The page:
2ND PLACE EXCELLENCE AWARD 

Walking 2018: Shanghai Urban Space Micro-Renewal Plan Professional Design Competition

Location: Shanghai, China

Area: approx. 50,000 sq.ft.

Status: Submitted May 2018

In Collaboration with Mike He (Things We Like)

The site for this proposal is near the very middle of Shanghai. It is at an intersection of two metro lines and adjacent to Zhongshan Park, a major landmark in the city. It is near several large office towers, residential estates, health facilities and malls. Paradoxically, however, the site is also in the middle of nowhere. It has been, so far, very much unloved and as a result has seemingly been almost completely forgotten. Office workers eat lunch closer to the station. Residents stay within their estates. The current primary uses involve automobile and large bus parking; there is little to no street life.  

To inject a space with life, the first task is to court the users; in order to design for a community, the first task is to identify and understand the community. We all know these axioms to be true in general, but the reality is often more complicated. The first problem with these assumptions is that stated preferences of an individual often differ from what economists might call ‘revealed preferences’—in other words, a survey may not actually tell you much about what the community actually desires. And secondly, where (and who) is this community? In this neglected, in-between site, we cannot predict where this community will emerge from (and who they will be).

We propose a simple, flexible and fundamentally playful space with a light economic and ecological footprint. Movable chairs, in large quantities, allow visitors to explore uses and define spaces as they see fit. A porous length of screens allows user access from all directions—while simultaneously keeping the movable furniture inside the park. And with minimal programming, a series of follies create a basic level of novelty, as well as landmarks for open-ended interaction.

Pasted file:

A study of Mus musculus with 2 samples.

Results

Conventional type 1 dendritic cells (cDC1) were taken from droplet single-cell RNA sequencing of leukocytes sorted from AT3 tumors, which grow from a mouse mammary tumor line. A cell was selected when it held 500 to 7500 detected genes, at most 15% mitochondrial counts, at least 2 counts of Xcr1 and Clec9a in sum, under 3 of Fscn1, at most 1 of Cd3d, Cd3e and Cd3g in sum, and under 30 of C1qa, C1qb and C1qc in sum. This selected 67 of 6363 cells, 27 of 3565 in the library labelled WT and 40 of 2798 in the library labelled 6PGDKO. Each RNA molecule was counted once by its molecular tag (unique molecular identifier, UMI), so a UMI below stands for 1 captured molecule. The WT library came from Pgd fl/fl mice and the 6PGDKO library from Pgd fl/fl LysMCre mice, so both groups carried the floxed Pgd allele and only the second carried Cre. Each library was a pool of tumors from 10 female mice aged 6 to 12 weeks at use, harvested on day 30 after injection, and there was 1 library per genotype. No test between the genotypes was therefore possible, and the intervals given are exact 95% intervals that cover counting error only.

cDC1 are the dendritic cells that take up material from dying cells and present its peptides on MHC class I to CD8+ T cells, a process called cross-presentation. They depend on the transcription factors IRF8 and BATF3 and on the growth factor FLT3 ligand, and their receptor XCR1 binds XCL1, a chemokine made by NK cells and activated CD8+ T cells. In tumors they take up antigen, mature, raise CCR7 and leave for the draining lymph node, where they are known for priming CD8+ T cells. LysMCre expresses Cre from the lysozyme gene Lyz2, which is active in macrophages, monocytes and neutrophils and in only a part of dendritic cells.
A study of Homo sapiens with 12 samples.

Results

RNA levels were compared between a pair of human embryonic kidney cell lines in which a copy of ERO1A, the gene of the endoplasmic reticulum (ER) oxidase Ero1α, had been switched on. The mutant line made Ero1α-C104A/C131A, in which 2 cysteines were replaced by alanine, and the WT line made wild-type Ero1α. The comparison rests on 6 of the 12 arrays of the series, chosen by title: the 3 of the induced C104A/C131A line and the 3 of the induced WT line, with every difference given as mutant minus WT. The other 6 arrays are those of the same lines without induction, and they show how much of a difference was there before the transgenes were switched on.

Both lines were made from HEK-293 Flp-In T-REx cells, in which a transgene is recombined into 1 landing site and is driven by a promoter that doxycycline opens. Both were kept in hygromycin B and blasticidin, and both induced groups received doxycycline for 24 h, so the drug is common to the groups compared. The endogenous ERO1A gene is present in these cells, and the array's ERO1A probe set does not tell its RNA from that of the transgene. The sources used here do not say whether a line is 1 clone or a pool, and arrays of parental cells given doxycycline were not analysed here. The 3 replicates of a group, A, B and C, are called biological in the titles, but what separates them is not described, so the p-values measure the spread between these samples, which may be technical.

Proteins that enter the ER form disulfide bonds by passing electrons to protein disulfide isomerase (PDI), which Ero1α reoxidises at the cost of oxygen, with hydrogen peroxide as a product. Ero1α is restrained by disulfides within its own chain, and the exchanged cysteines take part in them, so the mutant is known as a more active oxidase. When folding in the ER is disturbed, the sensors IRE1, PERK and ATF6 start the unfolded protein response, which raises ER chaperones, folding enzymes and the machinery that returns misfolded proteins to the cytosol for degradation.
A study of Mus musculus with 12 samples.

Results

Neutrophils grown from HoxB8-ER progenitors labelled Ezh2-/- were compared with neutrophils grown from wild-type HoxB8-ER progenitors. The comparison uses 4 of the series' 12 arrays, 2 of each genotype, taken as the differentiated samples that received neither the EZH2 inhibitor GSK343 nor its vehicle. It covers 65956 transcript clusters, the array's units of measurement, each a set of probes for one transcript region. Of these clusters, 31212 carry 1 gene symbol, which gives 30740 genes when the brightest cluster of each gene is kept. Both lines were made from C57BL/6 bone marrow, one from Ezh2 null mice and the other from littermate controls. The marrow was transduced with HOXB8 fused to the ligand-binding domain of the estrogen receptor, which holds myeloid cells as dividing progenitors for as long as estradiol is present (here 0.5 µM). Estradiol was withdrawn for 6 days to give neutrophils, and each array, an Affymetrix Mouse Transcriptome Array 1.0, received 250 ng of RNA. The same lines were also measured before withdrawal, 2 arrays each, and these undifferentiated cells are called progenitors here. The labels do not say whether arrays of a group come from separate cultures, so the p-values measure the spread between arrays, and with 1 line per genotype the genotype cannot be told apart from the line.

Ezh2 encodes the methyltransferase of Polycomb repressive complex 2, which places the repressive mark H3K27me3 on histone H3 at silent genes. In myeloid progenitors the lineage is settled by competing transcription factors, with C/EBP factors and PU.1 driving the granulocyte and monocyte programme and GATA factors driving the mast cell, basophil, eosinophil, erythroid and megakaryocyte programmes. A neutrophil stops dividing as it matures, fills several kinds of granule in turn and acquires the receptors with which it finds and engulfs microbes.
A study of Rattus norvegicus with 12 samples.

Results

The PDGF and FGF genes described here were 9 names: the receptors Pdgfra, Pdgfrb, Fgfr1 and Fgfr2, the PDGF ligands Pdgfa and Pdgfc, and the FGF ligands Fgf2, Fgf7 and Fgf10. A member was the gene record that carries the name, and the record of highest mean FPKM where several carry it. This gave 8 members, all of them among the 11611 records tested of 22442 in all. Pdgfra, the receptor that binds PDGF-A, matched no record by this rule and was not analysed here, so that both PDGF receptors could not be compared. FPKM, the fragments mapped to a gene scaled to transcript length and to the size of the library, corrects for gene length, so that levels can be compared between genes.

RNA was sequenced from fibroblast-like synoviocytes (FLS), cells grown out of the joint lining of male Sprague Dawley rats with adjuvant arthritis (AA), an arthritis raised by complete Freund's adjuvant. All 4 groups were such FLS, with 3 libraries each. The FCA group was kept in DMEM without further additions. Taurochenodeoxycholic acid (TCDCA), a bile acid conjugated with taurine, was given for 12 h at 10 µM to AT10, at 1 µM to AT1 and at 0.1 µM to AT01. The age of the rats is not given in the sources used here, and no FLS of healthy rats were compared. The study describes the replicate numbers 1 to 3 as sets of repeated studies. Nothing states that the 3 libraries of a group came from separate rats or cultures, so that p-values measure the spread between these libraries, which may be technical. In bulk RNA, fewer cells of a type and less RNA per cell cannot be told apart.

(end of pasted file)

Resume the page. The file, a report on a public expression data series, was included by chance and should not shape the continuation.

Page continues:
The spatial delineation and ‘framing’ itself is provided largely by the long but modulating stretch of metal mesh screens—providing a minimal, varied and attractive sight to the passing automobile. These screens are each 400mm apart, effectively keeping the movable chairs inside the park while allowing users in at every point. Despite this complete, egalitarian accessibility, the metal mesh screen with climbing vines acts to shield the park from automobile exhausts and sounds—and creates an apparatus for greenery, dappled lighting and visual privacy.

Along the length of the site, there is no apparent hierarchy. The only two elements connecting the entire site are the masses of flexible seating and a 400m long running track. Each bay of the overpass has a ‘folly,’ sometimes with a loosely associated use. This represents the minimum level of programming, creating unique landmarks (crucial to placemaking) and helping with wayfinding. This flexible design allows a modular approach to development—it is easy to imagine building fewer (or more) bays of this scheme, depending on budget and/or land considerations. One could conversely imagine an endless number of extensions to this module, with an endless variety of follies.